Oakland Raiders' Head-Coach Candidates: The Dirty Baker's Dozen

Jason HerresCorrespondent IDecember 31, 2008

In order to be the head coach for the Raiders, the following qualities are key:

  • Ability to manage chaos
  • Ability to deal with a circus at times
  • Experience managing veterans, rookies, media, and front office folks
  • Creativity, Adaptability, Flexibility

I believe those first two skills are the key ones. The other two are more typical of any of the jobs open right now. As I looked at the possibilities out there, especially given that there are now five openings: Denver (Yea, baby!), Detroit, Jets, Browns, and da Raidehs.  

Each of the openings requires a different skill set, but I think that the ownership situation in Oakland is key. I believe that it would be in our best interests to hire a GM before a head coach, but I don't think that should actually happen.  

So, let's take a look at the candidates—regardless of whether they've been denied or confirmed by anyone.

(In no particular order)

1) Dennis Green - His name always circulates, because he's "friends" with Al Davis. However, he's been gone too long, and his rough edges in Minneapolis and Arizona wouldn't do well in Oaktown. Odds: 100:1


2) Bill Cowher - After the Super Bowl win, everyone has decided that he's the next Holmgren/Belichick. I disagree, because, as I recall, his team's did not handle prosperity well in the playoffs and often lost to lesser teams.

In addition, he can write his ticket in the current environment and could end up in Denver (and the subsequent roster turnover from Shanny's patsies to Cowher types bodes well for my Raiders). Odds 50:1


3) Jim Harbaugh - I'm not sure why folks are so high on him (although his brother did well with Billick's roster), but I think he's got to stay at Stanford to finish the job he started before he makes the next jump. Odds: 25:1


4) Mike Martz - Puhleeze. He's an offensive coordinator with delusions of grandeur. He's too arrogant, and again, he hasn't done anything in recent years to warrant even a first look, let alone a second. Even with Al's love of offense, Martz is damaged goods. Odds 75:1


5) Steve Spagnuolo - Defensive-minded guy, rumored for other jobs. I don't see a defensive coach coming to Oaktown.  Odds 50:1


6) Marc Trestman - Former Oaktown guy, knows the environment, but I don't see it. I think that he's been out of it a little too long, and he may not even want to return to the current Raiders situation. Odds 25:1


7) Hue Jackson - Going from QB Coach for a rookie coach to Head Coach at one of the most chaotic and challenging environments doesn't strike me as very good odds for success. We've already seen what a coach who's trying to make his first gig with the Raiders can look like. Thanks Lance. Odds 25:1


8) Paul Hackett - Re-tread NFL coordinator from past lives. I don't think he's head-coach material, and he fails my "creativity" criteria above. Odds 100:1


9) Eric Mangini - Rejected Jets guy who never really was given much to work with. Pennington had injuries, and their drafts left a lot to be desired offensively. In addition, he's not a good communicator and is defensive minded. Not a good match for Oakland's world. Odds 100:1


10) Jim Fassel - The ultimate retread. Yes, he's been in Oakland before and did a pretty good job in NY during his time there. However, I think that NY is completely different from Oakland, and the roster is in a different place as well.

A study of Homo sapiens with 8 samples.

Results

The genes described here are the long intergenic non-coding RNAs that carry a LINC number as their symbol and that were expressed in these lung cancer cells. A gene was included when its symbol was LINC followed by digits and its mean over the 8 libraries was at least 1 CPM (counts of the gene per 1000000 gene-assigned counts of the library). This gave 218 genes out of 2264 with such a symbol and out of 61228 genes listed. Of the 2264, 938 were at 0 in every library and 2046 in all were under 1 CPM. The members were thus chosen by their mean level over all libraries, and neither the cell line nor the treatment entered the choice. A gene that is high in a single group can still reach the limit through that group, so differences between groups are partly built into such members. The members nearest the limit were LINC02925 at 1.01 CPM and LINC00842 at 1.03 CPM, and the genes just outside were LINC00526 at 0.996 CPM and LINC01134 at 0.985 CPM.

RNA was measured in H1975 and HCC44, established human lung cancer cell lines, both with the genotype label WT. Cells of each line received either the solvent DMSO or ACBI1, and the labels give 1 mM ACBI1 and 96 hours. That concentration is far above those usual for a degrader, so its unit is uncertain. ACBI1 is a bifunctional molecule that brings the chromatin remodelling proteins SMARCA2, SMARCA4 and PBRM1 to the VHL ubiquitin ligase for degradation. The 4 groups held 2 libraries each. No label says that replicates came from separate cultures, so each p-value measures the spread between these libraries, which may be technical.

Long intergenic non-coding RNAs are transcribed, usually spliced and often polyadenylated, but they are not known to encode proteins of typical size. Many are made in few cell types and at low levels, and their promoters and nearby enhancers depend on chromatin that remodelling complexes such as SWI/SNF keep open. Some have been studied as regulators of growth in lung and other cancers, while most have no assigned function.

Our path to success is via the younger guys, and we need a guy who can relate to them well. I don't think Fassel is that guy.  Odds 20:1 


11) James Lofton - Recent hire by Al. Seems to have done a good job with the wideouts this year. Hasn't been a coordinator, so the jump to head coach would be a challenge.  

In addition, with Al's propensity for hiring a coaching staff in pieces, it could be tough for James to pull them all together. The flip side is—if you went with an inexperienced coach, maybe they'd lean on Al's patchwork staff more, and that could be successful. Odds 12:1


12) Rob Ryan - I think Rob Ryan will leave the team if he's not made head coach. I also think that his chance to take the team was when Kiffin left. Davis didn't pick him them (even though he interviewed for the head coach previously), so that says a lot. Odds 15:1 


13) Tom Cable - Cable has done a good job the last several weeks. I believe he's gotten the players minds turned around and won the last three of six, including the "spoiler" role against Tampa in a meaningless cross-country game for our folks.  

I believe Davis sees that potential. It would be interesting to see what Cable would do in growing from this experience, surviving in Oakland, and starting with his own playbook and some new assistants. Odds 4:1


The one person I didn't list here is Bill Parcells. He'd be a great fit—for the front office. I still don't think he'll choose us, but if he did, I don't think it would be as Coach.  

Depending on how Al handles the hiring of the GM and Head Coach, as well as how much Al changes based on the past two seasons total failure with Kiffin, and newfound success with Cable, it could be anybody's guess to see what happens.  

I believe that Cable has shown some good qualities—especially the last two weeks, as well as a willingness to do it his way. Even with the failed fake FG with Seabass "Wheels" Janikowski around the end, he still stuck to his guns. He's definitely gotten rid of most of the garbage that Kiffin pumped into the system and into guy's heads.  

If Al chooses someone other than Cable, then instead of 2009 being a "building on 2008" year, it becomes a "start from scratch year", b/c we'd have new DC, new HC, and new GM.  

Those items combine to make it a very tough year, depending on how the above decisions are made. My personal hope is to minimize change, stabilize the organization, and get started moving forward.

In order to do that, call the Cable Guy!